About a month ago, my babes and I got the most exciting email - a note saying we had finally been taken off of the waitlist and offered a community garden plot not too far from home! Knowing how long the wait lists were, I had half expected that we wouldn't make it off the list until we were long gone from Portland (we had already been on it for a year!) - so this was a much welcomed surprise!
The best part? Not only do we have a little slice of land to grow some veggies as we so love to do (more about that later!), but the garden includes a little fenced in park area just for gardeners and a hearty supply of shared blueberry and raspberry bushes which are producing like nuts right now. Hello Jackpot!!
I spent the first few trips to the garden just stuffing my face with the joy of sweet sweet raspberries. After a number of trips, I realized I should probably take some home and make ice cream! I have an amazing ability to get-out-of control excited about a number of fruits as they start to ripen and come into season. Strawberries win my heart for a few weeks, then raspberries and blueberries, thimbleberries, cherries, plums, and the list goes on. I was lucky to grow up in northwest Michigan's fruit haven and I am lucky again here in the fruit-rich Oregon.
So get on ready for a summer of fruit filled recipes and my gushing over how delicious whatever fruit is currently abundant is.
I opted for a super simple approach to raspberry ice cream this time, tossing whole fresh raspberries right into the ice cream maker while it was churning. This results in this amazingly polka dotted ice cream - speckled with little spheres of raspberry goodness. It also means that all those seeds are in your ice cream. I for one love this as an added texture wonder. But if seeds aren't so much your thing, feel free to puree and strain your raspberries then stir in the puree just before churning.
We couldn't help but giggle in being reminded of dippin' dots - a classic obsession of my younger years. The little icy raspberry spheres a joyful reminder of those crazy tiny balls of ice cream!
It is officially summer today, so go ahead - dive right into some summertime love with raspberry ice cream!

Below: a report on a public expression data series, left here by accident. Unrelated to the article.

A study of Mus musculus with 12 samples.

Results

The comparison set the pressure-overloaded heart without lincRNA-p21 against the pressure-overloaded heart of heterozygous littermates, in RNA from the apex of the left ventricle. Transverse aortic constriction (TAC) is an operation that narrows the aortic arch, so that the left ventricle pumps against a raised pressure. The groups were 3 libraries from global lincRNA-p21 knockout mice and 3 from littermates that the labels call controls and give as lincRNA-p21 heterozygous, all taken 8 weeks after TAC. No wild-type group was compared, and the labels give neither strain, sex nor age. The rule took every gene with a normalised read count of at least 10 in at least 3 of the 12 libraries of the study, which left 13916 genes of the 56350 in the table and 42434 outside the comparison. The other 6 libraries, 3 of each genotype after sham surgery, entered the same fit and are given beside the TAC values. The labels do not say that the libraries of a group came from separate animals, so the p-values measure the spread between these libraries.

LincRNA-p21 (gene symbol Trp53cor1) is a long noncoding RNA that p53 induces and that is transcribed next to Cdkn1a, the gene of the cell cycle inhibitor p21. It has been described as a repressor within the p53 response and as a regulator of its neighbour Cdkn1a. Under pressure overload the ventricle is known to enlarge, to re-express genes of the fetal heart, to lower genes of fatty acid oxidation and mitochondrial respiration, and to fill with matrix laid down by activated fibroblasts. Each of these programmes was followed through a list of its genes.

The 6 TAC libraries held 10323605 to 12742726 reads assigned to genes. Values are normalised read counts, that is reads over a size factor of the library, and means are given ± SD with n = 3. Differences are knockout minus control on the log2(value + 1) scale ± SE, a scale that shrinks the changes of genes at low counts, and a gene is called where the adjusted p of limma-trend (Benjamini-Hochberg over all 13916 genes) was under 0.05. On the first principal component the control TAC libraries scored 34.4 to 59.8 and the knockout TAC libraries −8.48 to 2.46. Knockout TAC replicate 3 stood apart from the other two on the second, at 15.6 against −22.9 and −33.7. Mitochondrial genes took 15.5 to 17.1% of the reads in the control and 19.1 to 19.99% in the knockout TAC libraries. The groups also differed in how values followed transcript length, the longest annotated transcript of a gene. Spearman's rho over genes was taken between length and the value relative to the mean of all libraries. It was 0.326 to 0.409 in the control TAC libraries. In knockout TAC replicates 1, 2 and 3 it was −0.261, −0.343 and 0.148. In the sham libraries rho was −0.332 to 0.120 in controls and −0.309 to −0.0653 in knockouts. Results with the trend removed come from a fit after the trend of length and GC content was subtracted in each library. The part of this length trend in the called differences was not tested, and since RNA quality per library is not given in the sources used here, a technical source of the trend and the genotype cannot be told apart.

Raspberry Ice Cream
1 cup heavy cream
1/2 cup whole milk
3 large egg yolks
1 1/2 tsp vanilla extract (or the seeds from half of a vanilla bean)
1/4 cup plus 2 Tbsp brown sugar
1 pint fresh raspberries (that's 2 cups)
Using a stand mixer with the whisk attachment, a hand mixer, or a really super strong arm - whisk together the egg yolks and 1/4 cup of the sugar until it doubles in size, lightens to a pale yellow, and gains a silky ribbony texture. This will take a few minutes.
Heat the cream and remaining 2 Tbsp sugar (and vanilla bean seeds if you're using it) to a scald, which is before a simmer but nice and steamy.
With the mixer running, slowly pour the cream mixture into the yolks until fully combined to temper your eggs. Then pour the mixture back into the pot and heat over medium heat until your custard has formed (if you don't feel comfortable knowing when that is, use a thermometer and look for 180 degrees). While it's heating, use a silicone spatula to gently scrape the bottom of the pan and stir slowly.
When you've reached 180 degrees, strain the custard through a fine mesh sieve into a medium bowl, and set that bowl into a larger one with a bit of ice and water in it to create a cooling water bath. Spin the inner bowl with one hand, while holding your spatula in the custard like a rudder to help the mixture cool evenly. If you're in a rush, you can just pop the custard in the fridge (and you don't have to strain it if there aren't any lumpy bits of egg), but these steps help to create the smoothest ice cream possible.
Refrigerate the custard for at least a few hours, until completely chilled, before churning.
Churn the ice cream base based on your machine's instructions, adding the raspberries just when the ice cream is starting to thicken. and stir as needed to help them break apart.
While you're churning, chill a container to put the ice cream into. Once it has thickened, scoop the ice cream into the container and freeze.